Telling your mental health story online can throw up some new challenges. This guide will help you to navigate online campaigning in a way that's safe and inclusive.
1. Deciding how much of your story to share
Before you start sharing your mental health story online, it's important to think about how much you want to share.
Sharing your story publicly is a good thing to aim for as we are trying to change people's attitudes towards mental health.
However, it's important to consider what you're comfortable sharing:
- Just because you're sharing one aspect of your story, doesn't mean you have to talk about all of it - there might be some things which you want to keep private, and that's ok.
- Take some time to imagine how different people in your life would respond to what you share - it may be the first time that they're hearing about a particular part of your experience.
- The most important thing to remember is that you're in control of how much you share, and you should make that decision based on what feels comfortable and safe for you.
2. Boundaries and signposting
If people look to you for support or advice, it's important to have strong boundaries to keep yourself and others safe.
Top tips for maintaining boundaries online:
- Be aware about the impact that your online relationships are having on you. How much time and energy are they taking up?
- Being kind and supportive to others online is great - but you shouldn't be in a position where you're a person's sole source of support. It's OK to be honest with people about what you're able to give, especially if it's having an impact on you.
- If someone is persistently contacting you, and it's making you uncomfortable or impacting your mental health, it is ok for you to distance yourself from them, either by blocking them or ignoring the messages. It is important to always look after your own wellbeing.
We have a list of support services on our website that you can signpost people to if they are struggling and they get in touch with you. Please see below draft message you could send to someone to point them to support services.
"Sorry to hear that you are struggling. It's ok not to feel ok and to talk about it. Please have a look at these support services who you can talk with via text, email or on the phone. The Samaritans are free to call 24/7 on 116 123."
3. Avoiding triggering content
Honesty is powerful when it comes to sharing your mental health story, but bear in mind that some details might be hard for people to hear or read.
Sharing details about particular experiences of mental illness can carry the risk of making things worse for the people reading or watching your content. This is what we call triggering content. By avoiding details that will upset or exclude people, you can make sure that your story is as inclusive as possible, and that everyone can read or watch it.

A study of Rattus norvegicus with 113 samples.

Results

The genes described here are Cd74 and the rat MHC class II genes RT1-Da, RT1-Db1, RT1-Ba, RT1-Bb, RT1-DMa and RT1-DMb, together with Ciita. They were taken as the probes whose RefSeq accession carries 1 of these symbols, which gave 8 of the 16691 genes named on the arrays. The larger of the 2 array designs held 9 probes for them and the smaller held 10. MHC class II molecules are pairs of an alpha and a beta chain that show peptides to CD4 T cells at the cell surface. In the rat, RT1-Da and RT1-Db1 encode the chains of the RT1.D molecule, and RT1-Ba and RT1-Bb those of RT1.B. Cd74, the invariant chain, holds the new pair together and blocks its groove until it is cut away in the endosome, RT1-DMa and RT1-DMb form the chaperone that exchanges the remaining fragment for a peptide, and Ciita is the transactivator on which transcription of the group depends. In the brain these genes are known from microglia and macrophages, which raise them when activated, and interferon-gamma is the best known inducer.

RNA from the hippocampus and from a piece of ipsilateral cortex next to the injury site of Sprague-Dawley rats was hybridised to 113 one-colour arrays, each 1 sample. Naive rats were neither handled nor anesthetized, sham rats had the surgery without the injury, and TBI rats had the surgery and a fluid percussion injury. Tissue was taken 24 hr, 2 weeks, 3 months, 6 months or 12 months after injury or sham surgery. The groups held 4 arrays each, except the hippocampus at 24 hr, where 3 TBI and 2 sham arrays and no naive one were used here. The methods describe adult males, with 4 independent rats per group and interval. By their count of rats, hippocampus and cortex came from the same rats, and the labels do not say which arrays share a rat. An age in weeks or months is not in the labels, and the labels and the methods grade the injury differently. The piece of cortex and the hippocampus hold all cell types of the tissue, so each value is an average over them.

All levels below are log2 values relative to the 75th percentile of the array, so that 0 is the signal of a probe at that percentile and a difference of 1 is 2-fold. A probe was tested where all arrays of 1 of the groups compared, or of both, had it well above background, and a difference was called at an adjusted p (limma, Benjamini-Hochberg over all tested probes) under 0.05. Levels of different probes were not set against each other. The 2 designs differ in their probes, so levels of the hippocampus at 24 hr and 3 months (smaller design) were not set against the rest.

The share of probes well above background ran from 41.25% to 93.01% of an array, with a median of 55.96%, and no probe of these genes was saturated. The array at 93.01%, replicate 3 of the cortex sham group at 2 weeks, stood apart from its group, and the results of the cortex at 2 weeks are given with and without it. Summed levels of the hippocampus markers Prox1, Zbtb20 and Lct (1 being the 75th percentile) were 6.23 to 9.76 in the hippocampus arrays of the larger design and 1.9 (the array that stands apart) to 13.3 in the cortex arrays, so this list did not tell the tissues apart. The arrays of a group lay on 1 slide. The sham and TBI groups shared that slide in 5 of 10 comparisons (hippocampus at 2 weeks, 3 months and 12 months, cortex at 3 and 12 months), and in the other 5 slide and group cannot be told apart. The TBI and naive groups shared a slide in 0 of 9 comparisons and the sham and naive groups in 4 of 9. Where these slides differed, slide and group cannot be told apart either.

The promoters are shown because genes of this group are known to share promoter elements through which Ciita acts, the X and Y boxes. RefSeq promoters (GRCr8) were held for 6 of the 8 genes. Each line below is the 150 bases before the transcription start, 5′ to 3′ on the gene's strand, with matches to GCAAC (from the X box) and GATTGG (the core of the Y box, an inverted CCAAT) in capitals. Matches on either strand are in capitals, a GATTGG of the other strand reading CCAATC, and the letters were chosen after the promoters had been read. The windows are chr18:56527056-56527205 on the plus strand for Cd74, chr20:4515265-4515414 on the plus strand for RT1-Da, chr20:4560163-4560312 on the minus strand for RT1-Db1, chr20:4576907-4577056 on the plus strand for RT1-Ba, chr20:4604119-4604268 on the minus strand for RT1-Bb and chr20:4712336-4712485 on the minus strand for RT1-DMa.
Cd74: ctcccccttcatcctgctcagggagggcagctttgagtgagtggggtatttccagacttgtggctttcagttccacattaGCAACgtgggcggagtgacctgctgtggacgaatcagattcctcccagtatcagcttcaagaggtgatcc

It's best to avoid:
- Details of methods of self-harm or suicide attempts. Sharing graphic details or images can be really upsetting and can also encourage imitative behaviour. You can still create content around self-harm and suicide, just focus on thoughts and feelings rather than actions.
- Sharing photos or referring to specific numbers (such as calories, or weight measurements) when talking about eating disorders can be harmful for people who have experience of those conditions.
If you're dealing with any topic that has the potential to be upsetting - such as self-harm or suicide, but also non-mental health topics like abuse or sexual violence - you might want to include a note about the subject matter at the start of the post or video.
4. Dealing with trolls & negativity
Unfortunately, there are still people online who have negative & unhelpful attitudes towards mental health - that's why our campaigning is so important!
Sometimes it's good to challenge negativity - after all, our goal is to change attitudes towards people with mental health problems. But don't feel like you need to challenge every instance of stigma you see online, nor do you have to respond to any negative replies that come directly to you.
Consider a couple of things before responding to a negative or critical comment:
- What mental space are you in? Would it be healthier to engage with the criticism or to ignore it?
- Do you think it's likely that you'll change their mind? Are they coming to the discussion in good faith, or are they being critical for the sake of it, to provoke a negative reaction?
- It can be helpful to talk to someone you trust about the content who could help guide your response, if you choose to respond.
Top tip: Do not post or respond to posts if you are angry - allow yourself a couple of day cooling off period between writing and posting.
- Ian, Time to Change Champion
If you do respond to a critical comment, try to be understanding and constructive. Respond calmly as best you can, and try to reason them through your point of view.